IT’S HERE: Unfair Contract Terms – New reforms in effect from 9 November 2023


Authors: Kathryn Walker, Rose-Monet Wilson Scott

Service: Projects & Construction

Reforms regarding the use of ‘unfair’ contract terms will come into effect on 9 November 2023, implementing restrictions against a wider range of contracts and with more severe penalties.


On 9 November 2023, reforms to the Unfair Contract Terms (UCT) regime will commence under the Treasury Laws Amendment (More Competition, Better Prices) Act 2022 (Cth).

Crucially, this legislation broadens the application of the UCT regime so that if:

  1. there is consumer or small business contract; and
  2. the contract is a standard form; and
  3. a term is unfair

the term will be void, and the business can face large penalties for the inclusion of each such term.

Three Key Reforms for Contractors and Principals

Firstly, the UCT reforms expand the definition a ‘small business contract’  to include any contract where at least one party has less than 100 employees, or less than $10 million turnover in the last financial year.

Secondly, the UCT reforms expand the definition of a ‘standard form contract’ to include whether a party has made another contract that has the same or substantially similar terms. It is important to note that ‘standard form contracts’ are not limited to amended or unamended Australian Standards, but also include template contracts specific to the business. This is especially true if one party is unable to negotiate the contract terms.

Thirdly, the consequences and remedies associated with the UCT regime are broader. The courts have always had the power to void, amend, or refuse to enforce (in part or in whole) the contract to the extent required to address the loss, wrong, or damage that was suffered by the a wronged party to the contract. However, this provision now further extends to likely loss or damage. This means the court will take into consideration not only whether the term has caused damage but also if it has the potential to cause damage.  If a term (or clause) is used across a business’ standard form or small business contracts, the court has the power to affect all of the those contracts, and future contracts.

Furthermore, if a business uses or relies upon (or seeks to do either) an unfair contract term in a standard form contract, and the other party is a ‘small business’ as defined above, significant penalties may be applied, for both companies (the greater of $50m, three times the value of the benefit or 30% of the body corporate’s turnover) and individuals (increased to $2.5m per individual).

These additional remedies pose a serious risk to the construction industry, especially on larger projects where standard form contracts may be used with dozens of separate subcontractors.

Unfair Contract Terms and the Construction Industry

The UCT reforms are expected to hit the construction industry hard as many terms commonly seen in construction contracts run the risk of being unfair.  A term is unfair if:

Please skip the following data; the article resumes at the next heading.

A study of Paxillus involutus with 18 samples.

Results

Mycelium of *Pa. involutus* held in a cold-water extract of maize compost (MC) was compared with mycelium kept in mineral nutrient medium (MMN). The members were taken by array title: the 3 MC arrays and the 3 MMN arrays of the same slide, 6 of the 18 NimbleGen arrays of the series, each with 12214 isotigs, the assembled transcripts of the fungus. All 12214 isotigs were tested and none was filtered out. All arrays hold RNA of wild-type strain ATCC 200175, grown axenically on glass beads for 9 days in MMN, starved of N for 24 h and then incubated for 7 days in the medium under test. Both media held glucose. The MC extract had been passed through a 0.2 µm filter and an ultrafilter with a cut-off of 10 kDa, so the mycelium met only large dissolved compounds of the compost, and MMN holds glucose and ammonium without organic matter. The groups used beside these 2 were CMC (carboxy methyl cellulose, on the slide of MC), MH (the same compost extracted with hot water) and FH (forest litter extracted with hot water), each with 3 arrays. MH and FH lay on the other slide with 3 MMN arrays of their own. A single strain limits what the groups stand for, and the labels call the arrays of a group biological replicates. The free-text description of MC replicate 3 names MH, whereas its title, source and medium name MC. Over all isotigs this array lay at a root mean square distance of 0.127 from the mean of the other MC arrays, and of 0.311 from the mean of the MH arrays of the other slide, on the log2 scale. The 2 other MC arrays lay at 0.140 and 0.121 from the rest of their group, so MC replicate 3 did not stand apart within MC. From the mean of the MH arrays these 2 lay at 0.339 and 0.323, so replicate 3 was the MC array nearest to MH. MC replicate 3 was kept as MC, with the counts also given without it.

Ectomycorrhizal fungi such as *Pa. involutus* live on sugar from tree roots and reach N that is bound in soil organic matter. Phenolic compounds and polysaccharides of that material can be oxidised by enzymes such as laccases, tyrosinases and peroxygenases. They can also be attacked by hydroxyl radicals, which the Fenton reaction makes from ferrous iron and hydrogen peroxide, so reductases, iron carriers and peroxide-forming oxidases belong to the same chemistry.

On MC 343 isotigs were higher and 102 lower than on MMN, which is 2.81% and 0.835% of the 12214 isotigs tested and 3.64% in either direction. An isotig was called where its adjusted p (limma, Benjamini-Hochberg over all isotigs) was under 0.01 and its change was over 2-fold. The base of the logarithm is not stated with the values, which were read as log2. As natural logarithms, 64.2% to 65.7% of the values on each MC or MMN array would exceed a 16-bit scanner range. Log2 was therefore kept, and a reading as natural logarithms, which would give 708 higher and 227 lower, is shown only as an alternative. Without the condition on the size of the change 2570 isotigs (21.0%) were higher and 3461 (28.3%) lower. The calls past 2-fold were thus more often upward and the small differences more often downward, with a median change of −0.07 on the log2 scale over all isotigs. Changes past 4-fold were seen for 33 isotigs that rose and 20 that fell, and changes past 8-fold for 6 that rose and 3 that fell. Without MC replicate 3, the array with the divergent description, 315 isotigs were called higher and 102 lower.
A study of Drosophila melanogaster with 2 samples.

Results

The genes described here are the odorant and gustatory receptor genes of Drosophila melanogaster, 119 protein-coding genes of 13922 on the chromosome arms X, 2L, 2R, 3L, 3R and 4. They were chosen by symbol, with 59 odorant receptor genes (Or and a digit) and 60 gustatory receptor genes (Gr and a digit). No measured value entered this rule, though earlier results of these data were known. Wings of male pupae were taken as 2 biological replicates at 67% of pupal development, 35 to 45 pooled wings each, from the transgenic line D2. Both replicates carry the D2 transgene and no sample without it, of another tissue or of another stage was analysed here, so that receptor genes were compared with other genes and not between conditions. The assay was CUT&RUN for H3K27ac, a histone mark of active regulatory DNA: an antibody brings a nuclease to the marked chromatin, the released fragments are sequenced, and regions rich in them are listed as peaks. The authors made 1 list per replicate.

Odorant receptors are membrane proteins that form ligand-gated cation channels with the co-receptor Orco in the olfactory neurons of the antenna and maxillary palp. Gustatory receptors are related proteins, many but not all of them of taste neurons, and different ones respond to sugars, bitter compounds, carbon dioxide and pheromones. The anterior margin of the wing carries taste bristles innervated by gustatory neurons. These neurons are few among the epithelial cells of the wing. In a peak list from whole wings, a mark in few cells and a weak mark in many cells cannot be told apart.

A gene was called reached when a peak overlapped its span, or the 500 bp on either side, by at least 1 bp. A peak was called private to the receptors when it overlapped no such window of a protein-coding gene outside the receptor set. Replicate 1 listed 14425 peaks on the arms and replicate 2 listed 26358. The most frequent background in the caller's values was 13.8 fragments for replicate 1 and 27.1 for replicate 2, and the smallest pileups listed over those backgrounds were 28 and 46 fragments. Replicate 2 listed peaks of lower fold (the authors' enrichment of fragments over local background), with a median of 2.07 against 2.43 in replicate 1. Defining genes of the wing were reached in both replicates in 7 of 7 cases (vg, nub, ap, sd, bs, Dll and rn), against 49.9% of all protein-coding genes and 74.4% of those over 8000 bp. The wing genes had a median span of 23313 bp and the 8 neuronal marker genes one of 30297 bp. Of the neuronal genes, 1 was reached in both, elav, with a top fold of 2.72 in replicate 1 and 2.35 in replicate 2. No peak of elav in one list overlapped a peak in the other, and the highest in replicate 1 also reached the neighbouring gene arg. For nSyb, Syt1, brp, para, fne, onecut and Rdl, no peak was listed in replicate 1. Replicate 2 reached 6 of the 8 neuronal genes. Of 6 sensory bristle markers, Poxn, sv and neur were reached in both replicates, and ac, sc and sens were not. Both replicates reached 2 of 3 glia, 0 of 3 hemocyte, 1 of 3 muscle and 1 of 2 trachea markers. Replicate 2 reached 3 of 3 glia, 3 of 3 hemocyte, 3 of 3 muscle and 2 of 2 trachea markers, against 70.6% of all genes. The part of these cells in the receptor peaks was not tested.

1. it would cause a significant imbalance in the parties’ rights and obligations arising under the contract;
  2. it is not reasonably necessary to protect the legitimate business interests of the advantaged party; and
  3. it would cause detriment if it were relied on.

Serious consideration must therefore be given to whether terms are reasonably necessary to protect a legitimate business interest and indeed, what those legitimate business interests are.

Amongst other UCT cases, ACCC v JJ Richards & Sons Pty Ltd [2017] FCA 1224, 45 and Australian Competition and Consumer Commission v Fujifilm Business Innovation Australia Pty Ltd [2022] FCA 928 identify a suite of unfair contract terms. Those relevant to the construction industry include:

  • automatic renewals clauses;
  • no reliance clauses;
  • assignment without consent clauses;
  • unequal limitation of liability;
  • liquidated damages regimes;
  • unreasonable time bars;
  • unreasonable right of recourse to security;
  • termination for convenience without appropriate compensation.


Contractors and principals alike should consider and seek legal advice regarding which of their contract arrangements (if any) may be caught by the expanded definitions of small business contracts and standard form contracts. There are ways to minimise the risk of contracts being found to be standard form, or terms being unfair, and the new UCT regime will apply to contracts made, renewed or varied after 9 November 2023.

Key Takeaways

  • While the definition of an unfair contract term remains the same, its application to what are considered ‘small business contracts’ and ‘standard form contracts’ has expanded significantly.
  • The consequences of having unfair contract terms are also much greater.
  • Businesses that use standard form contracts should review their contracts to avoid exposure to penalties and liabilities.